The Two-Way Mirror #3: Arithmancy and Muggle Studies
I found the editorial on Arithmancy interesting, and I think Jenna Sottle made an important discovery with her “dingo kidney” rating system. First, the question: are there more or less valid ways of reading Harry Potter? Second, the answer: not Arithmancy! This argument involving the One Truth and the numerous individual truths… makes some interesting observations. Only Hermione’s number comes close to saying something… Hermione = number 5 = “half a dingo kidney” (a very good rating). (I wish we knew Luna Lovegood’s middle name.) But I think it is nicely appropriate, even if it’s just a fluke (or is it?) to have Arithmancy work for Hermione only (although, with only three characters counted…). Only Hermione studies Arithmancy (among the main characters). ‘Half a dingo kidney’ is not perfect dingo kidney, but… the occult and extra-sensory perception part… Hermione’s Arithmancy is not entirely foreign to divination (“manteia” (Greek) means divination). Why does Hermione say she’s wasting her time with Trelawney when she could (of all things!) be doing Arithmancy… isn’t that a bit ironic? It’s not divination itself, I think, that Hermione is against: just Trelawney’s “old fraud” methods. Sure, numbers can be misleading and studied in a silly way, like trying to predict when one will forget to turn off the oven by following the schedule of encounters between Mars and Venus. But maybe numbers can also be used to predict greater truths, somewhere beyond the kitchen level spheres. In addition, the occult… is Hermione a witch, or isn’t she? So I plead for a zero dingo kidney rating for Hermione = number 5.
I am imagining the Arithmancy chart used comes from somewhere outside the books (things from outside the books may not always be the best key into them). If Arithmancy is a form of “truth” applicable only to Hermione (and anyone else?), then some truths can be true even if they are not universally applicable: if they apply only where it makes sense that they should apply. In justice, “the truth, the whole truth, and nothing but the truth” is a must. But can “truth” take some interesting turns in literature?
I think my editorials fall in the Arithmancy category (Double, Double… The Seven…). I would venture to say that in that way they differ from a good number of editorials that are particularly insightful samples of Muggle Studies. Hermione takes Muggle Studies too (and Dumbledore reads Muggle News). Hermione also takes Ancient Runes… Always reading, trying to understand. Isn’t Hermione the only one always reading things right? (Except for Lupin in the Shrieking Shack: not up to her usual standard, but she did read all the signs that showed he was a werewolf, not to mention looking up all the Animagi of her century in a reference book.) Hermione is carefully poring over every little detail of the Daily Prophet, drinking in every bitter tasting word of Umbridge, detecting what’s hidden in that “load of waffle” (“bacon” if you wish), narrowing her eyes at the three course goals Umbridge puts up on the board (that no one else had bothered to read before she brought them up). (And she also solved Snape’s riddle in Book 1. Might she solve more mysteries in Book 6?)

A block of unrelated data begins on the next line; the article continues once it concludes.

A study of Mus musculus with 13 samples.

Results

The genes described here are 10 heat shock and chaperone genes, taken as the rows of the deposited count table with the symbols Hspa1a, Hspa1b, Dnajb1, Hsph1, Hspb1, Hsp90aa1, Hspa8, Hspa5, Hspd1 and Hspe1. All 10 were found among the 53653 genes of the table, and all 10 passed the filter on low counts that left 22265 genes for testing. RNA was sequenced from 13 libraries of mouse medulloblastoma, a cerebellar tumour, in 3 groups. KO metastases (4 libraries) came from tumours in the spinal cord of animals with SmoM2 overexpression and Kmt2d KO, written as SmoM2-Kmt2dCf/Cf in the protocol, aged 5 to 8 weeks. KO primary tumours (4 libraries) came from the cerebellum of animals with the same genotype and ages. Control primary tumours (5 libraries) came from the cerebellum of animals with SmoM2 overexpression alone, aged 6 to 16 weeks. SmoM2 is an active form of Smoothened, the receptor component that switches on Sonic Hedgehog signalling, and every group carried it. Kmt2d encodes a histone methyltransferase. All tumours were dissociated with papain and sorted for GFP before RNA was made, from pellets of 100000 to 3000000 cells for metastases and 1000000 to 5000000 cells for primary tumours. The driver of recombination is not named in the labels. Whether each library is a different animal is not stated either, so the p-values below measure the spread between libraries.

What about different ways of reading Harry Potter? Here is Hermione’s reading list:
- Arithmancy = aesthetic logic: it’s just beautiful, so it has to be that way: “beauty is truth,” and it is beautiful when everything adds up to One! (i.e. looking for unity in the books): a logic that is exterior to the story: something for the readers and author to talk about (not fun if you want to relive the books as if you were a character)
- Muggle Studies = common sense logic and realistic observation: applicable to character development and plot lines: a logic that is interior to the story: character themselves could be discussing these same points (but divining Muggle Studies readers have the distinct disadvantage of not being able to verify things the way characters might: have a chat with Draco, ask him some pointed questions). The “muggle” readers study the “magic” characters, and the characters don’t even know about this world of readers… so many enthusiastic plug-collecting Arthur Weasleys…
- Ancient Runes = Ancient: literary influences, mythological references…: exterior to the story and the book & Runes: words, names, signs, images…: mostly exterior to the story
- Daily Prophet = “scoops” we get from the news (interviews with J. K. Rowling, jkrowling.com, etc.)
I would not compare these ways of reading, qualifying them as more or less valid, but rather, I think they work together.
I think you end up with a great work of art when different forms of logic meet. Doesn’t it take some kind of brain magic for an author to create all kinds of agreement among the different parts of her book?
And aren’t all Potterholics really trying to prove that the Harry Potter books are brilliantly written? Potterholics Fight for Respect. Why else would side comments like ‘Jo, she’s such a genius’ pop up with frequent regularity in so many editorials.